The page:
Newswise — PHILADELPHIA (February 24, 2020) – As opioid overdoses continue to grab headlines, more states are providing their communities with easier access to naloxone, which can prevent death by reversing opioid overdoses. But while naloxone may be available at township buildings, libraries, or other community locations, little is known about how schools maintain a supply and use naloxone to prepare for treating overdose.
At the University of Pennsylvania School of Nursing (Penn Nursing), researchers conducted an online survey of 362 Pennsylvania school nurses (elementary, middle, and high school) to better understand how they have a supply, administer, and perceive storing naloxone in their schools. The results illustrate that though many nurses have a supply of naloxone in their school, important barriers to access and use of this life-saving medication still exist.
In the study, close to half of those who responded to the survey reported that they did not have a supply of naloxone in their school building. Reasons for not having a supply included lack of school board and/or administration support, belief that the medication was not needed in their school, and lack of funds, among other reasons. Of those who had naloxone in their school, 5% reported that the overdose reversal drug had been used at their school.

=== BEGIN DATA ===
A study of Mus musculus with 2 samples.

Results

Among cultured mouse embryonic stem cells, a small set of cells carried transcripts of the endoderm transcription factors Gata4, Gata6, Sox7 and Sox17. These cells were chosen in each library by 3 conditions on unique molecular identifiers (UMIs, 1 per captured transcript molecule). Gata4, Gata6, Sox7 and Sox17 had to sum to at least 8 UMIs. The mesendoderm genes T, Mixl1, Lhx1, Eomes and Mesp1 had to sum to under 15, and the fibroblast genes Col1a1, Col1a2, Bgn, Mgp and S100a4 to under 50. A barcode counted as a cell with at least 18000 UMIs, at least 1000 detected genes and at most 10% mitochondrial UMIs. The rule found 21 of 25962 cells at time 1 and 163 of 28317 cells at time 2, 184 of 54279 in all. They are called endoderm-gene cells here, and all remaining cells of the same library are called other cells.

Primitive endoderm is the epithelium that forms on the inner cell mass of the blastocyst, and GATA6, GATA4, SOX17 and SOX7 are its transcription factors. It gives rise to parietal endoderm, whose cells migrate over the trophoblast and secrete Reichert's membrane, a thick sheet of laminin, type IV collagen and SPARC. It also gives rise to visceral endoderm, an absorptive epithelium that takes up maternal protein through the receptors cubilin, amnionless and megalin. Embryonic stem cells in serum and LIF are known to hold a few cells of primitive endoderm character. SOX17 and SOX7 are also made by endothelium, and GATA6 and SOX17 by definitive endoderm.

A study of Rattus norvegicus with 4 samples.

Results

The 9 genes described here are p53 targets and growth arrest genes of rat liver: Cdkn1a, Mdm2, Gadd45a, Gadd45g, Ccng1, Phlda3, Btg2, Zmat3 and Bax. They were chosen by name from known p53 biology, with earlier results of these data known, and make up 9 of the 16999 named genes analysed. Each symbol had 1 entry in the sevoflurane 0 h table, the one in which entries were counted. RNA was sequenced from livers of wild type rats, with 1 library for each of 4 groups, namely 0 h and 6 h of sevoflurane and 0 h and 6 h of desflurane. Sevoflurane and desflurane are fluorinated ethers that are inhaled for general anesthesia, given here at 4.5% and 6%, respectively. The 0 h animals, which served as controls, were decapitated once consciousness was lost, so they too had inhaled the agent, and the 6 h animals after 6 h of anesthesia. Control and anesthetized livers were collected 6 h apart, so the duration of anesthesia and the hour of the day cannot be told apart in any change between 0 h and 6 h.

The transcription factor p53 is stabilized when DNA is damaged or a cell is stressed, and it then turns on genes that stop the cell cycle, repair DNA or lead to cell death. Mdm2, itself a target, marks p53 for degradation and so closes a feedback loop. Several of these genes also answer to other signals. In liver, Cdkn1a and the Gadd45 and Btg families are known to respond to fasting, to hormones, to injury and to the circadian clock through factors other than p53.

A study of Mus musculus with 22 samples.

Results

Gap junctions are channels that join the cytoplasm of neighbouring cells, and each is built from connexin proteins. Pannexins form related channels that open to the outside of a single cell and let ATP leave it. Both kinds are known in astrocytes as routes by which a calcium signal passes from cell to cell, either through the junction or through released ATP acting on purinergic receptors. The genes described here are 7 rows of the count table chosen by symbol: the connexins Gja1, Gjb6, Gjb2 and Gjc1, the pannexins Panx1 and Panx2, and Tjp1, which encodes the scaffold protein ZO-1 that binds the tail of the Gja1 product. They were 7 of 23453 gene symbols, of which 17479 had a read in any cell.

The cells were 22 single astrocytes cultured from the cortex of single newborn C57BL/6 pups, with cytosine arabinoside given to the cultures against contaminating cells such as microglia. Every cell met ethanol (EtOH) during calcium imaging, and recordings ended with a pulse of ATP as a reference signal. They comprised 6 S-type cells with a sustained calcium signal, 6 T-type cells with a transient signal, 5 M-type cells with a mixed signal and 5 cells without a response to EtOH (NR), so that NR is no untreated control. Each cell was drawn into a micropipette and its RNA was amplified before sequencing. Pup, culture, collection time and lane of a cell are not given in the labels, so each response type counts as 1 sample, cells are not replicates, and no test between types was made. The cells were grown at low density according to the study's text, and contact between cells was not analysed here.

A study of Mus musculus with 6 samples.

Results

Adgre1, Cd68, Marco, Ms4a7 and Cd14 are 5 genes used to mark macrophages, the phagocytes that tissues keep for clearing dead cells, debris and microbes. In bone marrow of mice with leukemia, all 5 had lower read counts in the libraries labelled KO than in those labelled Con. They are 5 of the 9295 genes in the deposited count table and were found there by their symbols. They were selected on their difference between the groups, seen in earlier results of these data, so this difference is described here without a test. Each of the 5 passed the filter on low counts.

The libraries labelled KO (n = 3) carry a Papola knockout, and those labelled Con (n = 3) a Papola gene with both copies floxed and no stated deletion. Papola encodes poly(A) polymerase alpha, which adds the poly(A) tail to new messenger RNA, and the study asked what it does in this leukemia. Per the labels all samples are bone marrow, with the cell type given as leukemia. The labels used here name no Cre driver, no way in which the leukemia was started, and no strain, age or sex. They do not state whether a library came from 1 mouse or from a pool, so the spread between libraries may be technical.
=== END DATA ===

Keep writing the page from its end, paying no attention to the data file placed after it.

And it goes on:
“Our survey results show that barriers, particularly those related to lack of support or beliefs that naloxone is not needed in a community, need to be addressed,” says Penn Nursing’s Catherine C. McDonald, PhD, RN, Assistant Professor and lead investigator of the study. “School nurses are in a position as both health educators and emergency responders regarding opioid overdose and may be an untapped resource to spread the adoption of community access to naloxone through normative behavior.”
The study’s findings have just been published in Public Health Nursing in an article titled “School Nurse Reported Supply and Administration of Naloxone in Schools.” Co-authors of the study include Jennifer Pinto-Martin, PhD, MPH; Peggy Compton, PhD, RN, FAAN; and Madeleine Parikh, BSN, all of Penn Nursing; and Zachary Meisel, MD, MPH, MSHP, of the Perelman School of Medicine at the University of Pennsylvania. This study was supported by a pilot award from the Penn Injury Science Center which is an Injury Control Research Center funded by the Centers for Disease Control and Prevention (R49 CE002474).